Dyslexia (Reading Disorder) - Symptoms

The eMedicineHealth doctors ask about Dyslexia (Reading Disorder).
Please describe the symptoms you experienced with dyslexia (reading disorder)?

Published: August 27

I was in the fourth grade when my parents were told I should be tested for dyslexia. By this time I was failing math and struggling with English, which I was very upset about. Many people are surprised when I say I have dyslexia. It sometimes feels that to have dyslexia is to be labeled as stupid or just too lazy to learn like the other “normal” students. I can remember a teacher making me cry because I used my figures to do "simple" math problems. I jump ahead of myself while writing long paragraphs or a short sentence. I am constantly checking and re-checking my work even now at the age of 24. While in grade school I was told I was taking to long to do, once again, “simple” tasks. I always read at my appropriate reading level, but when asked to read aloud in class I became easily confused by words I knew that I KNEW! Instead of paying attention to what was being read in class I was trying to predict when I would have to read so I could jump ahead to prepare myself before I had to read it to the class. Before I taught myself what to look for I became very good at fooling those around me into thinking I didn’t have any problems in class. For the most part I have it under control, but occasionally my symptoms will pop-up unexpectedly. For parents with dyslexic children or teachers who have students with dyslexia the best piece of advice I can offer is patience. I know that at times it can be hard, but just remember as frustrating as it is for you, it is twice as frustrating for the child. Dyslexia is something that with time, practice, and patience can be overcome or at least controlled; I am proof of that. While in college I was on the Dean’s List multiple times, won several writing awards, and was a member of the National Honor Society. To reiterate, dyslexia does not mean stupid, lazy, or any other negative label people associate with a learning disability; it just means those children need a little extra time and need to be in an environment where they are encouraged to do their best and are not expected to live up to the expectations of the “smart, normal” students..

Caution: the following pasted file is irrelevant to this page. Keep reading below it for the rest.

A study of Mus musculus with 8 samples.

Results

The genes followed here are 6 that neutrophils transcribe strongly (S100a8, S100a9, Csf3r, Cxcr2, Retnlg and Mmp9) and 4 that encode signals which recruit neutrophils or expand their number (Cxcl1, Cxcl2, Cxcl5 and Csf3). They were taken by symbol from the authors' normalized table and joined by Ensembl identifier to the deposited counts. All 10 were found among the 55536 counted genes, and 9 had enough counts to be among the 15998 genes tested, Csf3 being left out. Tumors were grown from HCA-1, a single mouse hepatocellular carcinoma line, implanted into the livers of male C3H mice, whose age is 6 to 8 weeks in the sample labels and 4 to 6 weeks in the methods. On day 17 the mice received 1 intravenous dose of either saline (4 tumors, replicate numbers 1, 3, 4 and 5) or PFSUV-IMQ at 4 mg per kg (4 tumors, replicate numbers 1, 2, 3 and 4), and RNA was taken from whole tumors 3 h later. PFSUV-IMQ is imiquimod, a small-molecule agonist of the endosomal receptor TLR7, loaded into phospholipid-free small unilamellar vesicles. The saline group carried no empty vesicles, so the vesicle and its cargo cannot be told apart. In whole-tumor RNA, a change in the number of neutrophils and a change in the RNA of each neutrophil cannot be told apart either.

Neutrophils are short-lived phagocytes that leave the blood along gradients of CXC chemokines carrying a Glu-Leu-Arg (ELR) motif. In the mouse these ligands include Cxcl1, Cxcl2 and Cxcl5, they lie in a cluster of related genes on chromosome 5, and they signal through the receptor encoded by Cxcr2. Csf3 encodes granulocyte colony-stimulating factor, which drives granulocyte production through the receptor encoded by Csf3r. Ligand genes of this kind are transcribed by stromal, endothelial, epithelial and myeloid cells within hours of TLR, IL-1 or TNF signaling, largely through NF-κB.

Published: August 27

My 10 year old son has SO much trouble spelling even though he is SO smart. We're already working with him for his Sensory Integration Disorder (Concerned Oldie - your description sounds exactly like my son) and ADHD. Both of those challenges have really come under control with Occupational Therapy and Concerta. I'm still so puzzled with his spelling, dysgraphia and he also has a mild speech problem (mostly R combos) and confusing words. He says Barnes and Normal instead of Barnes and Noble or Occasional Therapy instead of Occupational Therapy. I was almost in tears when I read the part in this article about using similar sounding words! I know there isn't a cure for it but just knowing what we are dealing with makes it easier! We live in an area now that doesn't have Occupational Therapy for kids and the speech therapy at the school is HORRIBLE. I am going to call his doctor tomorrow about getting him on a more aggressive program! Thanks for the great information!.